Friday, May 03, 2013

Assembly Members Singleton and Conaway Roll Out Pedestrian Safety Bills

Assemblymen Troy Singleton and Herb Conaway, Jr. M.D. (both D-Burlington) have introduced an ambitious three-bill package including a vulnerable road user bill to boost pedestrian safety throughout the state, particularly in Burlington County where Route 130, considered the state's most dangerous corridor, is located.

On March 18th 20 year old Christal Smith of Delran was struck and killed in the crosswalk on Route 130 with the walk signal in front of Holy Cross High School. Then on April 8th 44 Year Old David A. Lee was critically injured crossing at a similar crosswalk on Rt. 130 at Millside Rd.

The legislative package Singleton and Conaway introduced this week will sharply stiffen fines and penalties for pedestrian-related motor vehicle crashes in order to help fund what they view as the three critical E's to improving pedestrian safety - education, enhanced engineering and enforcement.
Noting the high number of fatalities along Route 130 in Burlington County, the lawmakers designed the bills to crack down on anyone convicted of violating current laws that pertain to a driver's responsibility:

  • Concerning pedestrians at intersections, both those that ARE controlled by a traffic control device or police officer and those that are NOT;
  • When making a right turn at a red or yellow traffic signal to stop and remain stopped for pedestrians crossing within the adjacent crosswalk into which the motorist is turning; and 
  • When making a right turn at a stop or yield sign to stop and remain stopped for pedestrians crossing within the adjacent crosswalk into which the motorist is turning. 
A-4063 is a vulnerable road user would impose a $1,000 fine for certain existing motor vehicle violations that result in serious bodily injury or death to certain people, including pedestrians, bike riders, wheel chair operators, and construction or roadway improvement workers. The fine would be deposited into the "Pedestrian Safety Enforcement and Education Fund" and violators would also be required to complete remedial training. The penalties imposed by the bill are in addition to any other fine or penalty currently imposed by law. This bill is also sponsored by Assemblywoman L. Grace Spencer.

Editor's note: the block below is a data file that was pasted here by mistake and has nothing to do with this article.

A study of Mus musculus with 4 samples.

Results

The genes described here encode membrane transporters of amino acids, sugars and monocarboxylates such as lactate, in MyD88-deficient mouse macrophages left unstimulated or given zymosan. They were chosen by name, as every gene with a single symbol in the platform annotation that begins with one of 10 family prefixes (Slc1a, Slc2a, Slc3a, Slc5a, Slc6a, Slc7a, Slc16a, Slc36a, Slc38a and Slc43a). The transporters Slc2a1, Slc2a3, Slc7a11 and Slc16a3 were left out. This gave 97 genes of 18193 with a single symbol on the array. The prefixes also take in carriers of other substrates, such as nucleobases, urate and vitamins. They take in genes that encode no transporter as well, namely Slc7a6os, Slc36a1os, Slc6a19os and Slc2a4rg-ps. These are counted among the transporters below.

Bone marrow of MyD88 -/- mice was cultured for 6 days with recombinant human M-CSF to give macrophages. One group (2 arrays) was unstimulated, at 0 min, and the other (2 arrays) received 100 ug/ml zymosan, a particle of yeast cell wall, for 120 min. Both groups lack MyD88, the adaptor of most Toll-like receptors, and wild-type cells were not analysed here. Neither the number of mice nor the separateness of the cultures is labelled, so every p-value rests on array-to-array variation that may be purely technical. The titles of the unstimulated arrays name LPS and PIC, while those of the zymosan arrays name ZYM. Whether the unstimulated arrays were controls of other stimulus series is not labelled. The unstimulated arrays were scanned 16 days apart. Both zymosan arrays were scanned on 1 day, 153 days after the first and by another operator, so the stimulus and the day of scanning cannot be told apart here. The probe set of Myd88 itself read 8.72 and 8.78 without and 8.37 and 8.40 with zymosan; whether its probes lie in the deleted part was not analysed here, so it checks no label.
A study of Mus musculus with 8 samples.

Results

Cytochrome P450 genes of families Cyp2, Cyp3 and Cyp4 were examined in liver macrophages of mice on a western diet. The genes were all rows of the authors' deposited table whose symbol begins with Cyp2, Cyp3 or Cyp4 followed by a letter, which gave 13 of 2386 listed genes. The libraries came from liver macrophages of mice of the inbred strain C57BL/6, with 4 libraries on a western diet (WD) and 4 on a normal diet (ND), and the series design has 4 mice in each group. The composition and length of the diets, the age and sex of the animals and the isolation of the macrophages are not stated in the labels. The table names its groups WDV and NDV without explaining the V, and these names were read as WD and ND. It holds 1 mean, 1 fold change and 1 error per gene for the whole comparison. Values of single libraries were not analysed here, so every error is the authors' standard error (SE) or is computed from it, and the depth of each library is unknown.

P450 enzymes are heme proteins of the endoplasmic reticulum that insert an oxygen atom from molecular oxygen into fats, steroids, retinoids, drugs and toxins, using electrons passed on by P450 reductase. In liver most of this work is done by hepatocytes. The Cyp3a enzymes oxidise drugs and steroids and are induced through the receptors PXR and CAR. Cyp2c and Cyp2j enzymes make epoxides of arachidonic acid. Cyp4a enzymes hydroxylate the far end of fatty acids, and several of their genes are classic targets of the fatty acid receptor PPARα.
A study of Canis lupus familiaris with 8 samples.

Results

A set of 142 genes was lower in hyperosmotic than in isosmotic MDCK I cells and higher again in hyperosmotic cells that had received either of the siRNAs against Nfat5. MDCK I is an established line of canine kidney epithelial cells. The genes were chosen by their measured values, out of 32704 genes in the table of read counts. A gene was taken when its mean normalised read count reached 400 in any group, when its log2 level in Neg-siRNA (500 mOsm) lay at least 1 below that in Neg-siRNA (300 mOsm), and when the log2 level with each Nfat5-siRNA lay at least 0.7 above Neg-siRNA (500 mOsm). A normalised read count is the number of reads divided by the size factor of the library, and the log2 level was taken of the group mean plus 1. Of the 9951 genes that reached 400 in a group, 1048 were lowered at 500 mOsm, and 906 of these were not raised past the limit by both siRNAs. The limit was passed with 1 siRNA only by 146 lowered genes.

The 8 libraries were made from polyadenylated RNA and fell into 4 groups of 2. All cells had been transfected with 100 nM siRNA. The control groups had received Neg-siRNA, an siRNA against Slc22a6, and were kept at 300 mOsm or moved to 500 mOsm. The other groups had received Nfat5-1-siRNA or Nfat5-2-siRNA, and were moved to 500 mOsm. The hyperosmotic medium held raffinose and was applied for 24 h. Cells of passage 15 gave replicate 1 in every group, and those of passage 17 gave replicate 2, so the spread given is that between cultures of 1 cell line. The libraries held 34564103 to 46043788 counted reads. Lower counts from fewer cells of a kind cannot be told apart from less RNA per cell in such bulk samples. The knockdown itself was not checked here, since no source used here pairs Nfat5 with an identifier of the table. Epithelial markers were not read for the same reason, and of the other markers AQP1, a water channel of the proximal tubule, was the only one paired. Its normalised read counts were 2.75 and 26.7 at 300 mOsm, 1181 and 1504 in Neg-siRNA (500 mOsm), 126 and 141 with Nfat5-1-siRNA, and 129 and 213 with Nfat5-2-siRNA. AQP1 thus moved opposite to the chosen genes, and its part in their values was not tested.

The second bill (A-4064) would increase fines for violations concerning pedestrians in intersections to $250, $150 of which would be deposited into the "Pedestrian Safety Enforcement and Education Fund" and $50 of the $150 deposited into the fund would be dedicated to initiatives on high priority roadways. Current fines for these violations range from $54-$200.

The bill defines a "high priority roadway" as a highway on which there were more than four pedestrian fatalities in the previous calendar year or more than eight pedestrian fatalities in the prior three calendar years.

The third bill (A-4065) would require that 10 percent of all fines, penalties, and forfeitures imposed and collected for motor vehicle violations be forwarded to the Department of the Treasury for deposit in the "State Safe Routes to School Fund." When appropriating the funds, preference would be given to local governments or school districts that have implemented initiatives on high priority roadways.

Those are pretty progressive bills, but protecting cyclists and pedestrians from the "unlimited access freeway" design that infects Route 130 and its ilk requires the full attention of the motorists using those roads. Furthermore MAP-21 eliminated dedicated funding for Safe Routes to School and a new revenue source is needed to keep the program viable.

We will be following these bills, so stay tuned for a campaign to get these bills passed. Meanwhile local officials are not waiting, seeking funds for crossing guards, extra patrols as well as walk and bike safety programs for local communities. 

1 comment:

Unknown said...

This is great! We're pushing a similar thing in Rhode Island. Good luck!